What I'm about to write is going to come across egotistical at a certain level. But what I'm trying to do is make a point that I think a lot of people can relate to.
The impetus of what I would call my "talent" since I was a child, was that I could always draw better than anyone else around me. I was always told it was a talent or that I was gifted, and so I felt like I was gifted. And even today when I think about it, I still feel the same way. It was definitely a natural thing that I was good at.
But what I'm interested in today is how feeling gifted or talented can shape a person. How does it affect their behavior in society with other people? Because lying behind the actual talent is this mentality that goes along with it. It's the notion that you know you're good at something. It's like you know the cheat code for the video game of your life and it's awesome and it's easier for you than anyone else.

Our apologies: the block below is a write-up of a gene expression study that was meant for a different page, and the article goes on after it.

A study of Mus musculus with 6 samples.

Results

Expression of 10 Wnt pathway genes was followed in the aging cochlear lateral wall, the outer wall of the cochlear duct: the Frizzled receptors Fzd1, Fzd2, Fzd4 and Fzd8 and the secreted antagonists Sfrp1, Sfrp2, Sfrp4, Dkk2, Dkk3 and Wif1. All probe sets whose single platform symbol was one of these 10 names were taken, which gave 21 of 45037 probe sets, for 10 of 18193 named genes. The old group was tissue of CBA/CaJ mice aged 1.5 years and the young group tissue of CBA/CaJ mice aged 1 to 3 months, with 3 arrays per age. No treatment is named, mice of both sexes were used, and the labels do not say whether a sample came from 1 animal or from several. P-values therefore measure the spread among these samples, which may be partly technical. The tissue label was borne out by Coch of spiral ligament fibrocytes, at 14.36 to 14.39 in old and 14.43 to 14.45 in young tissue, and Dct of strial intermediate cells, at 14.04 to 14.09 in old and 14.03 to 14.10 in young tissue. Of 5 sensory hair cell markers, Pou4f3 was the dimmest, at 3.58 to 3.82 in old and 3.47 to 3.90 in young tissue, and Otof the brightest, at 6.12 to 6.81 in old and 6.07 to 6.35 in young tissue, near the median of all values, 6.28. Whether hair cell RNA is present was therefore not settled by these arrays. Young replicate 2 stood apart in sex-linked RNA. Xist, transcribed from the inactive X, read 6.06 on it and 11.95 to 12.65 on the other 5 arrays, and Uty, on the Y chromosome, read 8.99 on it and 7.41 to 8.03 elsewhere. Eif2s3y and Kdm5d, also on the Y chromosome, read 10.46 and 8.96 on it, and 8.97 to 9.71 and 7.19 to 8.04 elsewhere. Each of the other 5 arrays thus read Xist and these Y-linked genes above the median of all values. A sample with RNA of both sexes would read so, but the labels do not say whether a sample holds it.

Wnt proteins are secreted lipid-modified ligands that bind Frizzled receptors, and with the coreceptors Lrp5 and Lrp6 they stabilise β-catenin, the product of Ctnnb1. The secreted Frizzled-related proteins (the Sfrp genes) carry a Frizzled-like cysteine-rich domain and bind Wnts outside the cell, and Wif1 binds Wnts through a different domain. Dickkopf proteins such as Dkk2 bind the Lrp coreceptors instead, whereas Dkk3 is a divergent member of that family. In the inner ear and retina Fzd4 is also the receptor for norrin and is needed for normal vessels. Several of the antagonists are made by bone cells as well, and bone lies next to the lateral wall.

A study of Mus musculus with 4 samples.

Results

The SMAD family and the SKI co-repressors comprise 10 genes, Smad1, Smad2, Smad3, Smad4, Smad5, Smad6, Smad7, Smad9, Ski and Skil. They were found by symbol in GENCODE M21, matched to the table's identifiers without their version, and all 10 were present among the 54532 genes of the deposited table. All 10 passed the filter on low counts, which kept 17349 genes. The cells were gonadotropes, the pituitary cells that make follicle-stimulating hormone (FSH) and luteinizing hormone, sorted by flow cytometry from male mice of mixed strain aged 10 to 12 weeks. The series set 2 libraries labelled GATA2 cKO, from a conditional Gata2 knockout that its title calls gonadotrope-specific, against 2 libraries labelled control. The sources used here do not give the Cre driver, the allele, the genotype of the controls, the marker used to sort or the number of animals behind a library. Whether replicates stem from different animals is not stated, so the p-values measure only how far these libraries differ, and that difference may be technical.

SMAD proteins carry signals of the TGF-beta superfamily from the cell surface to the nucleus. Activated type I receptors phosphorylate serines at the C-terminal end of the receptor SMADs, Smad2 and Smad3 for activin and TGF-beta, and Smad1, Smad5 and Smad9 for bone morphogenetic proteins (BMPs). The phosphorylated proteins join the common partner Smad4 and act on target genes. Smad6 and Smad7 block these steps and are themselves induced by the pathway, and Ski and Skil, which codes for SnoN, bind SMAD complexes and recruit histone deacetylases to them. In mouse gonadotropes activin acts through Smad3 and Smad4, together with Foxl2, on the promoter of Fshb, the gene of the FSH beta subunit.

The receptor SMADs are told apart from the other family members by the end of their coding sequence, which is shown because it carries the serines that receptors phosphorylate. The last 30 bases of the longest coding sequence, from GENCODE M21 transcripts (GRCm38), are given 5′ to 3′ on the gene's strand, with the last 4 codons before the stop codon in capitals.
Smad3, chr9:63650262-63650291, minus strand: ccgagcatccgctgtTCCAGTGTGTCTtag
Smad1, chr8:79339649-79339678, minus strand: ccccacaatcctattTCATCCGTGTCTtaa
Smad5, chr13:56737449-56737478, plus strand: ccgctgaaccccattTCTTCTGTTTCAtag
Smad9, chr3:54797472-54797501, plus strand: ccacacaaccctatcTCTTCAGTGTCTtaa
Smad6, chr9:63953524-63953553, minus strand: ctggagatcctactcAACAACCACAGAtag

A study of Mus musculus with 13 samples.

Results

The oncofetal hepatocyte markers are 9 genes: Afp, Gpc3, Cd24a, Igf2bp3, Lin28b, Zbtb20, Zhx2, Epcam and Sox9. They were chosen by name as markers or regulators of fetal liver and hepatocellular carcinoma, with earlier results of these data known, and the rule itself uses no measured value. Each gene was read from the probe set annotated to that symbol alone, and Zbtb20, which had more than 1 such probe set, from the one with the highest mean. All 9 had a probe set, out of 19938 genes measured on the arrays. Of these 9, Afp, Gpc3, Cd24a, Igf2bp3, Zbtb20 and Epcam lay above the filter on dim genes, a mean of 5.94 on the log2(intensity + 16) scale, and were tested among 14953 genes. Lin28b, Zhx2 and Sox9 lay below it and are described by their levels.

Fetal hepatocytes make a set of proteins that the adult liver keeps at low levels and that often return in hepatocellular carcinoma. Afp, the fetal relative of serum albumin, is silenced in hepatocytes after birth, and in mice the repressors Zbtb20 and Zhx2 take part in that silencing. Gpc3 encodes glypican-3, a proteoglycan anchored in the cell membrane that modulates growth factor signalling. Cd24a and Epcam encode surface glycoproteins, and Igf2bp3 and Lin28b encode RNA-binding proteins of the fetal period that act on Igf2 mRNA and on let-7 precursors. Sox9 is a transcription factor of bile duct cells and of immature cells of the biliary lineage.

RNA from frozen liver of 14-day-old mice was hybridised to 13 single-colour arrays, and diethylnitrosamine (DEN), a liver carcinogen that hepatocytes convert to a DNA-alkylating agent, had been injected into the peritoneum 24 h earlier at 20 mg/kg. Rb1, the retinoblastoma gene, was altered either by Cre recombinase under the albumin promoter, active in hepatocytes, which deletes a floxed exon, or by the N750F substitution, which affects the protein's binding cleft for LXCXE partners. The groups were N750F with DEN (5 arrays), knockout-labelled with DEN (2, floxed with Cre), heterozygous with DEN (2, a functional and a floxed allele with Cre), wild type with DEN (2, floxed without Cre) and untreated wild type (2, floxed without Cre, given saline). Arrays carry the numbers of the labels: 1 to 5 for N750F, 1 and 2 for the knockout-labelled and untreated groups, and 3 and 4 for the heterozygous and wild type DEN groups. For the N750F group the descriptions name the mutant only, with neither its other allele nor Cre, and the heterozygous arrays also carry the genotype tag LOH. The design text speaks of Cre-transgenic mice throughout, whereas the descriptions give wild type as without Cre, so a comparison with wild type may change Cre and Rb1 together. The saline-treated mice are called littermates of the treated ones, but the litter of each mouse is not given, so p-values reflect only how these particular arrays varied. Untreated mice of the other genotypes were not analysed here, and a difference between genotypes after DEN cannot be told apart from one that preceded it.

So obviously there are people who view their talents in two different lights: those who abuse the value and notoriety it can garner, and those who selflessly wield it and don't expect it to yield anything different from the next person in line with them.
One point I want to make is that it's not always a really definitive talent either. If you ask a large group of people what they think they are individually really good at, I'd venture that the majority of people wouldn't know. Think of this abstractly or indirectly. What are emotions or social strategies you subconsciously act on that help you navigate the world better? You probably don't know right away without thinking about it deeply. And that's all I'm trying to say. If you think differently about what a talent really is, I'm sure you can think of one or 100 that you have.